This third case study illustrates the challenges and
opportunities offered by creating an employer brand. The organization in this
case study is a highly successful and dynamic global spirits and wine business
which has grown steadily through merger and acquisition over the last 10 years.
The steady progress of industry consolidation worldwide led this business to
consider its future as either an acquiring or an acquired company. This
contemplation led to a desire to strengthen various aspects of the business,
resulting in three interrelated aims:
To be fit and ready to take opportunities as they arise,
whether they come from industry consolidation, acquisition or new ventures.
To achieve quality growth by:
generating volume and share growth on specific existing key
encouraging innovation and launching new products;
integrating newly acquired brands and
In order to encourage full engagement and involvement in the new
strategy, the organization decided to launch an employer brand which challenged
all business units to get full commitment of all employees, so that each person
could become part of a unified winning team, connecting with consumers and
taking the business to new levels of growth. The top team wanted everyone to be
engaged in the action, committed to the goal and confident of their part in
achieving it. Everyone was expected to take an active role individually, and
work with others as part of the team.
One of the significant pieces of data that informed this employer
brand strategy was the following quote from the Collins and Porras survey,
Built to Last (1994): ‘Companies with strong positive core vision and
core values have outperformed the general stock market by a factor of 12 since
The employer brand
The employer brand arose from the existing culture. It was
worked on by both internal and external people through eliciting current views
of the company ethos, and gathering aspirations of current employees.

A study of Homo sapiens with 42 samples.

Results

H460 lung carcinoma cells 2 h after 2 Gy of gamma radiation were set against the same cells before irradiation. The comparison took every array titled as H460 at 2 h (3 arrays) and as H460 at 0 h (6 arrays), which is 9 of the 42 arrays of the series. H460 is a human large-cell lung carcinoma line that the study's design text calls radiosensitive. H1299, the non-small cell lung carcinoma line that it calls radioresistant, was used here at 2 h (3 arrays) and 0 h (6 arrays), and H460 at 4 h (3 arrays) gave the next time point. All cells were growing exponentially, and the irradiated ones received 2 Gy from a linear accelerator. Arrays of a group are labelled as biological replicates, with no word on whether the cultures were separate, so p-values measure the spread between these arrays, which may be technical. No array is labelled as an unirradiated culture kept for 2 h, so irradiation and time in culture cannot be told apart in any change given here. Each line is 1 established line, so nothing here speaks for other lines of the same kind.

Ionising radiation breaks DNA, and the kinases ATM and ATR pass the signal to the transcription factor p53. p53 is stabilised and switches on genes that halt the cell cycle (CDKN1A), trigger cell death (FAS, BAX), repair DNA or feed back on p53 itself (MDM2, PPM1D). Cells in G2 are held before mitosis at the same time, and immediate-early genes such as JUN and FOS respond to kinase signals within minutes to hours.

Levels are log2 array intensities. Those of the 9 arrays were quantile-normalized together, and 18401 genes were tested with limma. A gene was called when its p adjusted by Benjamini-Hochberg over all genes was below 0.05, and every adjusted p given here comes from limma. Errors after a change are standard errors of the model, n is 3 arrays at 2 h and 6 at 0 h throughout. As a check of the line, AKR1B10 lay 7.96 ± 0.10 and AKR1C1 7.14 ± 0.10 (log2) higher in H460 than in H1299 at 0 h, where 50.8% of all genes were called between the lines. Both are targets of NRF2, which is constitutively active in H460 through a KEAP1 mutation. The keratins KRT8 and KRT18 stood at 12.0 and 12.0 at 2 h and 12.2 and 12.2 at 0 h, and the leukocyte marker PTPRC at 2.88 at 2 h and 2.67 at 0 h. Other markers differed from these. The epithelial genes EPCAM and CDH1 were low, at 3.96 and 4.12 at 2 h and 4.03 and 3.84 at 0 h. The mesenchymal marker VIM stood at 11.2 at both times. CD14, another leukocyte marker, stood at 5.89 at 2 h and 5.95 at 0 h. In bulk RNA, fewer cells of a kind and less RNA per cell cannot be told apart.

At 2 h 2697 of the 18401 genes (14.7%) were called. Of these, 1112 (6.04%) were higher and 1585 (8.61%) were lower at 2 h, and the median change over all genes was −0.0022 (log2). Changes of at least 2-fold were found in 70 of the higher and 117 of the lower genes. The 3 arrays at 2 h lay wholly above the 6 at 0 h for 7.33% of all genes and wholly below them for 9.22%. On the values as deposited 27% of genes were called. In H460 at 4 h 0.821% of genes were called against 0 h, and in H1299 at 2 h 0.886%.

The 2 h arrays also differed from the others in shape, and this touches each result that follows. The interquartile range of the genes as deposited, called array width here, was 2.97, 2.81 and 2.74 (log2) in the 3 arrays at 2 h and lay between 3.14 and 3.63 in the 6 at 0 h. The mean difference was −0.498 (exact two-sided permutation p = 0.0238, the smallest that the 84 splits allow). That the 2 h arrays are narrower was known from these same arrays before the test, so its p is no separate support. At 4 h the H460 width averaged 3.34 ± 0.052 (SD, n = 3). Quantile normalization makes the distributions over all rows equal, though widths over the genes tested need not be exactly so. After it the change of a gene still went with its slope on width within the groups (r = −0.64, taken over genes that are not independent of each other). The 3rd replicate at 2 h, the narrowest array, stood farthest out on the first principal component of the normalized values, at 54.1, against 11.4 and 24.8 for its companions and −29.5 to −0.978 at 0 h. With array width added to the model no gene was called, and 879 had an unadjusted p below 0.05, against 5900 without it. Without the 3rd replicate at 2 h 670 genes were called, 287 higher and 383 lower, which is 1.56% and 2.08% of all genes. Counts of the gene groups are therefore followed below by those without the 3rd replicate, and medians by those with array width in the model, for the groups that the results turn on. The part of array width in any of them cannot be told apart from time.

The concept of the brand wheel was used to define the brand. This
is encapsulated in Figure 7.4. The
brand wheel idea, developed by Bates North America, is used to define the
functional and emotional components of a brand. Bates North America has
developed an impressive reputation for reinvigorating brands. The brand wheel is
based on various concepts that go into creating a brand such as essence, values
and personality. The brand essence is heart or spirit of the brand. The brand
values are about how the brand makes a person feel and what it says about them
if they become associated with the brand. The brand personality is a way of
talking about the brand as if it were a person, to get to the emotional content
of the brand itself.
Figure 7.4: Brand wheel for employer brand
Out of the brand wheel came a concise definition of the six key
brand values together with their associated behaviours. See box.
The organization devised a three-stage process to move from
this definition of six core values to a position of full involvement with the
new strategy. The three stages were awareness, adoption and advocacy (see Figure 7.5), with only the first stage
planned in detail. The second and third stages were give a broad brush plan, but
awaited the results of the first stage to enable sensible planning.
Figure 7.5: Financial service quadrants
The awareness stage involved three main activities:
A video was circulated to all managers, which identified the
values in an exciting way.
Senior managers were asked to introduce the values at any
business meetings they were already running within a six-month period (special
meetings were not held, and HR people did not run the process alone).
The six values were integrated into the performance review
process. They became key performance measures for each individual.
The Adoption stage is going on at the time of writing, and was
preceded by a questionnaire which tested the success of the awareness stage.
Adoption in this context is about implementation, so this stage of the process
is very practical and involves lots of ‘handson’ activities. A brand director
was appointed at the end of the awareness stage to look after and promote the
employer brand, and interestingly, this person has a marketing rather than an HR
background. Planned activities so far include a newsletter circulating stories
of success and the creation of a Web site on the company intranet that allows
exchange of views and offers team exercises and thought-provoking resources to
help people to get to grips with the values.
Employer brand items and gifts such as mugs, sweatshirts and hats will also be
available for those who want to promote the brand locally, or wish to have
Advocacy is already appearing in pockets around the organization.
Various managers have been selected as brand champions, but this process is seen
as emergent rather than one that needs to be closely managed.
The planning team also used the Beckhard change formula to guide
their actions (see Chapter 3). This meant having a clear vision, explaining the
need for change and devising some first steps.